Listening to Michelle’s story really warmed my heart. There were similarities in our experiences with our dads’ declines but I was so blown away by the way her whole family came together to support one another and made the experience better and more manageable for everyone. It was also really amazing to hear about the way they are continuing to support one another during their grieving process, and they are going about it in a way that gives each person space to work through things in their own way and on their own time.
One thing that I would like to call out is that sometimes people think the grieving process only starts after your loved ones die, but it often starts way before that point. For many, we experience grief each time a change happens – whether that’s weight loss, having a harder time walking, or experiencing chemo brain. Obviously, these types of changes hit the patients the hardest but caregivers experience grief in their own way as well as somewhat helpless bystanders, which in truth is one of the hardest parts of being a caregiver – is that feeling of not being able to help lessen the suffering your loved one is experiencing.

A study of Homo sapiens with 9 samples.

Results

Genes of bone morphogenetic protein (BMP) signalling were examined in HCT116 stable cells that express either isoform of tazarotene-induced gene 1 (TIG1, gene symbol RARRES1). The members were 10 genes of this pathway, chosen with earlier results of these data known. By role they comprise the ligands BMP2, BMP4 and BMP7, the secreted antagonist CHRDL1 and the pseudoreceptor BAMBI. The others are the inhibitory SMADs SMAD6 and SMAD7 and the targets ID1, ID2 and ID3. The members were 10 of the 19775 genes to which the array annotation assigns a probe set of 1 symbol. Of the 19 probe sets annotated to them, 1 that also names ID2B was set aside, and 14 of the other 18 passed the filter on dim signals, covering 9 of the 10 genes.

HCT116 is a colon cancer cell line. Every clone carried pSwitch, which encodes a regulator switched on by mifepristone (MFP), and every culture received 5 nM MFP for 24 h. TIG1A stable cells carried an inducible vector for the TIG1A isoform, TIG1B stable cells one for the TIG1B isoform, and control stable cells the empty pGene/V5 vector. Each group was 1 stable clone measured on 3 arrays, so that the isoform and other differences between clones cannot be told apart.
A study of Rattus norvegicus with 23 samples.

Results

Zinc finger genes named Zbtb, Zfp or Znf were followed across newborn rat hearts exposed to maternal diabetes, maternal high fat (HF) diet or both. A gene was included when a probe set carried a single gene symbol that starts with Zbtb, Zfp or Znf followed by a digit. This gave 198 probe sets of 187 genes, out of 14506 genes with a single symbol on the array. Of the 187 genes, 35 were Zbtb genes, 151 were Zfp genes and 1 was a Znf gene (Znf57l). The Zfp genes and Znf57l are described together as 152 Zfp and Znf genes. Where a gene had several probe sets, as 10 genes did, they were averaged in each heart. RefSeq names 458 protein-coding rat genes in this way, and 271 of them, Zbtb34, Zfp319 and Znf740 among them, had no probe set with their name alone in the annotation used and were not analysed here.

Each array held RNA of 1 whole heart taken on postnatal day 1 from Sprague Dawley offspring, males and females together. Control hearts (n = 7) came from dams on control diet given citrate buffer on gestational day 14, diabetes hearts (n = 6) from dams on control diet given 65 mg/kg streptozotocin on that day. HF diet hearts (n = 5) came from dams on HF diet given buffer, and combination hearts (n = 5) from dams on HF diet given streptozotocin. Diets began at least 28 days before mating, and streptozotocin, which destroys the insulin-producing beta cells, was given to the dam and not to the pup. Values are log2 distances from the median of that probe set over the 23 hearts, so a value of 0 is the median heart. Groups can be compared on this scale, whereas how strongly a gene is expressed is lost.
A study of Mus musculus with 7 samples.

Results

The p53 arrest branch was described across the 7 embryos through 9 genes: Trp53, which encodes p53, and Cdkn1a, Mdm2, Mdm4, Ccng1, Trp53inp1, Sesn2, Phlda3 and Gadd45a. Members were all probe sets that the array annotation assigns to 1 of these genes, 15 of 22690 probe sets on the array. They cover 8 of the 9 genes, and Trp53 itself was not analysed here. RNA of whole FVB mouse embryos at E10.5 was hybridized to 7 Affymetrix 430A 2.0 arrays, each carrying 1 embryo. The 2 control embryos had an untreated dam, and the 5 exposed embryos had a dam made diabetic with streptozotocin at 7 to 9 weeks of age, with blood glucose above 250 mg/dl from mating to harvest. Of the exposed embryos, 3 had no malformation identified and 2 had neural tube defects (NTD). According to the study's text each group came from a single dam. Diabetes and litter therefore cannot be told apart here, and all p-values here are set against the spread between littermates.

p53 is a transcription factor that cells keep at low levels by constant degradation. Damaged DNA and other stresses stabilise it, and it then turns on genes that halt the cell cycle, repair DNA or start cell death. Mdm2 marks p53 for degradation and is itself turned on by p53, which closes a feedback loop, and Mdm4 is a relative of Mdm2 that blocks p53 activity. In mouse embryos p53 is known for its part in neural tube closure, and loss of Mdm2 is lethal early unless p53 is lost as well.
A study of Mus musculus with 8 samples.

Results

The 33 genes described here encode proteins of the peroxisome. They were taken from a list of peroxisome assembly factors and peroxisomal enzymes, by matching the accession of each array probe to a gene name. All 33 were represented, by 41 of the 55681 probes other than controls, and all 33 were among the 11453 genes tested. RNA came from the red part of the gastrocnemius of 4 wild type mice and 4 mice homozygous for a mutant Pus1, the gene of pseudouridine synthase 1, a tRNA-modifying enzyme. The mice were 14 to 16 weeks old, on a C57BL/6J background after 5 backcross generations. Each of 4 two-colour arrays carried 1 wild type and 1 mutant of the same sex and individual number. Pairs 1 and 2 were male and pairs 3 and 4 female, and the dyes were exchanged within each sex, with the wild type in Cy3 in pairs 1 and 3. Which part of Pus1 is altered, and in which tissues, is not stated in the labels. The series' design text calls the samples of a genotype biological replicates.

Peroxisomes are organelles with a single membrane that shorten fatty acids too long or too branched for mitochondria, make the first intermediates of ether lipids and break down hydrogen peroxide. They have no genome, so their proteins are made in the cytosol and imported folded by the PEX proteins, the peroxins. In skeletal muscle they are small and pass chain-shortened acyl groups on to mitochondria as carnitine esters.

The other thing that stood out was Michelle’s conversation with her dad – how she told him that he didn’t have to keep fighting for the family. This stood out to me because I so often hear patients say that the one thing they fear the most is what is going to happen to the family members they leave behind. So I thought it was so courageous for Michelle to have had that candid conversation with her dad because it gave him the permission to prioritize his own needs in the time he had left. I never said the same thing to my dad because I assumed he wanted to keep fighting for himself, but lately, I’ve been wondering if that assumption was true just based on what I have been hearing from other patients.
You can find Michelle at https://breatheandbe.net/. She offers many great services and resources for people practicing faith, like meditation, yoga, and journaling.